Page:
Despite her severe injuries and vet recommendations to euthanize her, Monika was fitted for titanium prosthetic legs and is adapting very well to her new life with new legs. This is Monika, a brave little girl who overcame so many challenges.
Following her severe injuries, doctors had recommended for Monika to be euthanized. However, thanks to her dedicated rescuers and a kind vet, Monika has four titanium prosthetic legs and another crack at life.
Recommended to be euthanised, now Monika is thriving with her four prosthetic legs.
Sergei Gorshkov, a veterinarian in Novosibirsk, Russia operated on Monika. This is not his first time; since 2015, he has fitted 37 animals with prosthetic limbs, but Monika is the first to respond well.
Gorshkov says that, two weeks following her operation, Monika was adjusting quite well in terms of her mobility and he estimates that she would be back to leading a normal life very soon.
Even her vet is surprised at how quickly she is recovering.
Gorshkov noted that he was quite surprised by how soon Monika was recovering from the operation. He said, “I don’t think we were optimistic about that. But on the third day she started standing up and walking around the clinic, going from room to room.”
When Monika was rescued, it looked like she had been severely abused.
In December 2020, Monika was found by some workers in Plastunovskaya, a village in Russia. She didn’t have any of her paws, leading her rescuers to believe that she had been abused.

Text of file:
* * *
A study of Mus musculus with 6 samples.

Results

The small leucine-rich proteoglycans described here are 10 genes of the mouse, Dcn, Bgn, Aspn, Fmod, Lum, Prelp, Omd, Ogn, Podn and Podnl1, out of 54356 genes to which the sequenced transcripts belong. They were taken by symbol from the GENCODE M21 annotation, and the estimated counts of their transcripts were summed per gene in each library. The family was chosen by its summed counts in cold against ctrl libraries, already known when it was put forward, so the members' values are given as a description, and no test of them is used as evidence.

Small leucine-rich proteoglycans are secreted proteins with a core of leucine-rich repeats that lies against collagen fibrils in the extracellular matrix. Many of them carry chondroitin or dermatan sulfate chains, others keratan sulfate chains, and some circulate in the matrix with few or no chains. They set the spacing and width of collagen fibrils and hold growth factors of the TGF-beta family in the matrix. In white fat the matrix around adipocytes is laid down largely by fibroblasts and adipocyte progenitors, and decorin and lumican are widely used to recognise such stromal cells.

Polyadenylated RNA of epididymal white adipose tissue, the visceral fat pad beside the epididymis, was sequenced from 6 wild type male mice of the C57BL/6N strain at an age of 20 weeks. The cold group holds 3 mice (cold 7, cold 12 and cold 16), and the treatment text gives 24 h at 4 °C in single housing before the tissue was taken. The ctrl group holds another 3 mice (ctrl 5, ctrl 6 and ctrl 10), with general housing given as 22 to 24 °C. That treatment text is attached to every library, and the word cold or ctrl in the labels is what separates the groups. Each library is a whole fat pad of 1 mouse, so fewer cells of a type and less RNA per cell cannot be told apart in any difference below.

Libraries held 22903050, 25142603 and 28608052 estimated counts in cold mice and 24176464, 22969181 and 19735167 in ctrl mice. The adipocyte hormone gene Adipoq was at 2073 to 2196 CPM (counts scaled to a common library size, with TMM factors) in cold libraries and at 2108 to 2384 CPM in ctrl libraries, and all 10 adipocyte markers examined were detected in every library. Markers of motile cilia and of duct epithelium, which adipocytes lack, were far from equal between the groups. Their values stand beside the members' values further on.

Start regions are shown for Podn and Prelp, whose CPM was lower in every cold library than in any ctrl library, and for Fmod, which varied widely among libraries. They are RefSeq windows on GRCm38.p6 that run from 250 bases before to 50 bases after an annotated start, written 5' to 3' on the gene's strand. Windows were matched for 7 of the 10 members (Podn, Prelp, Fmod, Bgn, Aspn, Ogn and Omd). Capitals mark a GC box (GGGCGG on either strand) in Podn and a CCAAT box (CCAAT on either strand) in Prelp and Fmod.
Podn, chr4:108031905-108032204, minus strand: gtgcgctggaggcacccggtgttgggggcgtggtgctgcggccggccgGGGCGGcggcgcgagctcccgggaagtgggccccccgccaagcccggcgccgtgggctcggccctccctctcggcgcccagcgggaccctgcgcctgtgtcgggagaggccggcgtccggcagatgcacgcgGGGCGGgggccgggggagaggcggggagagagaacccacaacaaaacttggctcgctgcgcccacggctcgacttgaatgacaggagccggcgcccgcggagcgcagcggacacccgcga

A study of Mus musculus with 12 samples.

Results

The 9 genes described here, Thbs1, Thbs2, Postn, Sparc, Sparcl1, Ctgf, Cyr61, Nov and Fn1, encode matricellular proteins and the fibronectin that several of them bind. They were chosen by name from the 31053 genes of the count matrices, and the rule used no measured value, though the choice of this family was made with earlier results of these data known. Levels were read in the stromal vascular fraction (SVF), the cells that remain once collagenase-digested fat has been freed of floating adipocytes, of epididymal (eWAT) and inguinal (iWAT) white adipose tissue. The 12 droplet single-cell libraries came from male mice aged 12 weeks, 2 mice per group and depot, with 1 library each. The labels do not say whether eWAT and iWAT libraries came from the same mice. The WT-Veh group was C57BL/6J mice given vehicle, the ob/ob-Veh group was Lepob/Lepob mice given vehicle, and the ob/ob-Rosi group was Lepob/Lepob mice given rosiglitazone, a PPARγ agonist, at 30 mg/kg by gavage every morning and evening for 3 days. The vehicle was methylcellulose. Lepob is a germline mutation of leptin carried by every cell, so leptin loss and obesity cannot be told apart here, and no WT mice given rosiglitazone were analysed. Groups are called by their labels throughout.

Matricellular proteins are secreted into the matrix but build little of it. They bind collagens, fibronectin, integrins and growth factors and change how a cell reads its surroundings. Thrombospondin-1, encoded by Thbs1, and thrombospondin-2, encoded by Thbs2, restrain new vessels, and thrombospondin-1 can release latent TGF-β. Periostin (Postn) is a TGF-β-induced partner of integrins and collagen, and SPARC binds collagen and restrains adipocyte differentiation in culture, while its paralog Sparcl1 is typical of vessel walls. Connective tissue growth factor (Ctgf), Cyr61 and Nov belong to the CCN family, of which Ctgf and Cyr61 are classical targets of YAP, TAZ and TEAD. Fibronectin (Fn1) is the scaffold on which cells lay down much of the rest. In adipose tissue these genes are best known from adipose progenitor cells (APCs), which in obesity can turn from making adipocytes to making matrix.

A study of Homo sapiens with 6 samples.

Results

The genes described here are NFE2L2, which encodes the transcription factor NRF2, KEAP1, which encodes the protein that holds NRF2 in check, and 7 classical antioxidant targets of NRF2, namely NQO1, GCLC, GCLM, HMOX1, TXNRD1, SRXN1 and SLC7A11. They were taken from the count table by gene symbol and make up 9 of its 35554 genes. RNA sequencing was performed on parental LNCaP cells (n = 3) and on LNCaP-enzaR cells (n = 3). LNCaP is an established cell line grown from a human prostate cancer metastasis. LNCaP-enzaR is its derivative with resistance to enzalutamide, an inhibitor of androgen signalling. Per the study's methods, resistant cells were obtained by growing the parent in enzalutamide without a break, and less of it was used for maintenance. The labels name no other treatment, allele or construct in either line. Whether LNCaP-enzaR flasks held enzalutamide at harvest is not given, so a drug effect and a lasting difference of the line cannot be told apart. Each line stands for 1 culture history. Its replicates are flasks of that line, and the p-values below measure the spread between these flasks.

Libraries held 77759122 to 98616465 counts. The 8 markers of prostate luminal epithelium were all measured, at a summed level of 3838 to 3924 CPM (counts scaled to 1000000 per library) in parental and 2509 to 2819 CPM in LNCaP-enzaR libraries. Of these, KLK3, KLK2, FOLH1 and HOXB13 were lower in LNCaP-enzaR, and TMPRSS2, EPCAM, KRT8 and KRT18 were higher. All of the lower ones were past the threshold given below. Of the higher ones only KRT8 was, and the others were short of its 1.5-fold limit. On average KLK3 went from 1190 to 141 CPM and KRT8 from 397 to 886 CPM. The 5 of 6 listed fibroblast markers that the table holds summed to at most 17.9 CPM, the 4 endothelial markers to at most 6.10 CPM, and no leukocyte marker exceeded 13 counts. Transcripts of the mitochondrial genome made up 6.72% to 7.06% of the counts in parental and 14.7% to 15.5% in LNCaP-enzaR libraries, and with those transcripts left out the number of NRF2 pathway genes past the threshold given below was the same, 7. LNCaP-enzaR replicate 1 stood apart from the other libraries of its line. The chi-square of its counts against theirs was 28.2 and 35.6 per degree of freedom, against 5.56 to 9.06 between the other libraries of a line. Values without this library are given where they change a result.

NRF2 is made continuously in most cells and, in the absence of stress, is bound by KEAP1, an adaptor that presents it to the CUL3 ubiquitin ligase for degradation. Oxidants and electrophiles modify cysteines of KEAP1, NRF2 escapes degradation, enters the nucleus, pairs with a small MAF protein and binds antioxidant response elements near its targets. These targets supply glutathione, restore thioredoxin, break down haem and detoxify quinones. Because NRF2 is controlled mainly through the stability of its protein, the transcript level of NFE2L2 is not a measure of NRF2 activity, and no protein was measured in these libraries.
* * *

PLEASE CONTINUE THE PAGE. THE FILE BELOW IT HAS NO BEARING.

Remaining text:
Animal rescue volunteers Marina Gapich and Alla Leonkina took over the responsibility of taking care of Monika. Based in Krasnodar in Southern Russia, the two women were able to get Monika the medical care she needed. Monika’s damaged limbs were amputated and she received a much-needed blood transfusion.
Monika’s rescuers were determined to keep her alive no matter what.
Considering her serious injuries, veterinarians had suggested to Gapich and Leonkina to have Monika euthanised. However, the two women refused this. They reached out to Gorshkov and succeeded in raising 400,000 Russian rubles (more than US$5,400) for the prosthetic limb operation.
A lot of dedication and work went into creating Monika’s prosthetic legs.
Her prosthetics were first printed by a 3D printer located in Troitstk and were then biocoated at Tomsk Polytechnic University. And then, it was time for the operation. It was a huge success.
For Gorshkov, helping animals during the pandemic means helping people too.
The vet says that the pandemic has changed how he views his work, especially in light of how important pets have become to people.
“I’m happy to give a new life to the animals since especially now during Covid. People find some consolation in animals and so by treating animals, I treat people,” says Gorshkov.